During the Asian session, New Zealand will release Q2 GDP data. After the Federal Reserve, attention remains on central banks on Thursday, with the decisions from the Bank of England and the Swiss National Bank in the spotlight.
Here is what you need to know on Thursday, September 21:
The Federal Reserve kept interest rates unchanged at 5.25-5.50% in a unanimous decision. The statement showed minimal changes compared to the July meeting. In their projections, most FOMC members indicated that another rate hike might be appropriate before the year's end. Fed Chair Powell clarified during the press conference that the "dot plot" is not a plan.
NBC analysts on Fed's meeting:
As expected, the FOMC is trying to keep alive the prospect of one final hike before the year is out. And while the implied near-term terminal rate may not be changed vs. June, the eventual implied pace of easing has been adjusted and pushed back.
The impact of the Fed meeting will continue on Thursday when more US data is due with the weekly Jobless Claims, the Philly Fed, and Existing Home Sales.
The possibility of a US government shutdown is increasing. In order to avoid a shutdown in October, legislation needs to be passed before the end of the week.
US Treasury yields jumped, with the 10-year rising to 4.40%, the highest since 2007, and the 2-year reaching 5.17%, a level not seen since 2006. Higher yields offered a boost to the Greenback. In Wall Street, stocks failed to hold onto gains and finished lower. The Dow Jones lost 0.22%, and the Nasdaq declined by 1.53%.
The US Dollar Index jumped from 104.60 to test recent highs around 105.40 after the FOMC September meeting. The DXY has a key resistance at 105.50.
EUR/USD sharply reversed from 1.0730 and dropped to the 1.0650 area, indicating that the bearish trend remains intact. On Thursday, the Eurozone preliminary Consumer Confidence Index for September is due. The critical economic report of the week is the PMIs on Friday.
UK inflation data surprised to the downside, affecting expectations for the Bank of England's decision. Prior to the data release, a rate hike was expected, but afterwards, the odds became more balanced, with a pause being favored. On Thursday, the BoE will announce its decision, which is likely to trigger volatility. Market participants will closely scrutinize the decision and the voting of the Monetary Policy Committee.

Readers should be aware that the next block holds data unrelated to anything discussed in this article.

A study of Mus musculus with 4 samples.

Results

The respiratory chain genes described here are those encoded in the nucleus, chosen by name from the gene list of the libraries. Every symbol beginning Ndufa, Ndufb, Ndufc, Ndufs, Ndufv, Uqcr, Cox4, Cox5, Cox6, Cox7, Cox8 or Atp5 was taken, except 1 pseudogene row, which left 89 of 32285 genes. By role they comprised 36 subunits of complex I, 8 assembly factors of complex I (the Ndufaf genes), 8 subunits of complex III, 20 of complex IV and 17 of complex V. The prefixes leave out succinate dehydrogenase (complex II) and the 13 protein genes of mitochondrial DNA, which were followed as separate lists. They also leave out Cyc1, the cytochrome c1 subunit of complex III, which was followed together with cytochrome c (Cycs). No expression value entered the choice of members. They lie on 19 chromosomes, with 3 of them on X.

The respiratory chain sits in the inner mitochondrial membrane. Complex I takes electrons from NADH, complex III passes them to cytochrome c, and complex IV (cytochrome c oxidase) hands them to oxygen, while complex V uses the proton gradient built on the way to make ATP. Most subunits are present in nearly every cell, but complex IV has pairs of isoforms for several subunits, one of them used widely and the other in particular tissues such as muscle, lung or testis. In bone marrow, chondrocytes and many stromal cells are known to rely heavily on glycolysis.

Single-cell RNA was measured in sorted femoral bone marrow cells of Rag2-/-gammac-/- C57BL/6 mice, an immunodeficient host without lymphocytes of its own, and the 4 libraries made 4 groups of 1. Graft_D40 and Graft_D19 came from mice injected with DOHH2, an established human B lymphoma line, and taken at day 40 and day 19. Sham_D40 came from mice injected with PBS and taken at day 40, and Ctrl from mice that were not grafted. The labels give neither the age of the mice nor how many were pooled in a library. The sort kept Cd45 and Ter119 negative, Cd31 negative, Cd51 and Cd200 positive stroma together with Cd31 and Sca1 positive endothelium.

GBP/USD bottomed at 1.2331 after the data, then rebounded to 1.2420 before reversing following the Fed's announcement, falling to fresh lows around the 1.2330 area.
Analysts at TD Securities on BoE and recent UK data:
Upside surprises to wage data are enough to justify a 25bps hike, but Wednesday's downside shock to August inflation and worries about tepid GDP growth and a rapidly-rising unemployment rate lead the MPC to soften forward guidance and votes skew toward a hold, effectively signalling an end to the hiking cycle.
Japanese authorities made a verbal intervention early on Wednesday when USD/JPY was trading above 148.00. The pair then pulled back, only to jump to 148.30 following the Fed's meeting later. If the pair extends its run above 148.50, intervention could take place.
USD/CHF posted its highest daily close since late May but remains under 0.9000. The Swiss National Bank will announce its decision on Thursday, which is expected to be a 25 basis points rate hike to 2%.
NZD/USD spiked to 0.5985, the highest in two weeks, only to erase all gains later and close slightly above the 20-day Simple Moving Average (SMA) around 0.5930. New Zealand will report Q2 GDP growth and Credit Card Spending on Thursday.
AUD/USD failed again to hold above 0.6500 and dropped below 0.6450 on the back of a strong US Dollar and also affected by the deterioration in market sentiment.
Metals ended on a weak note after erasing all gains following the Fed. Gold peaked near $1,950 and then tumbled to $1,930 as the Fed reinforced the "higher for longer" mantra. Silver traded above $23.50 but slid back to $23.20.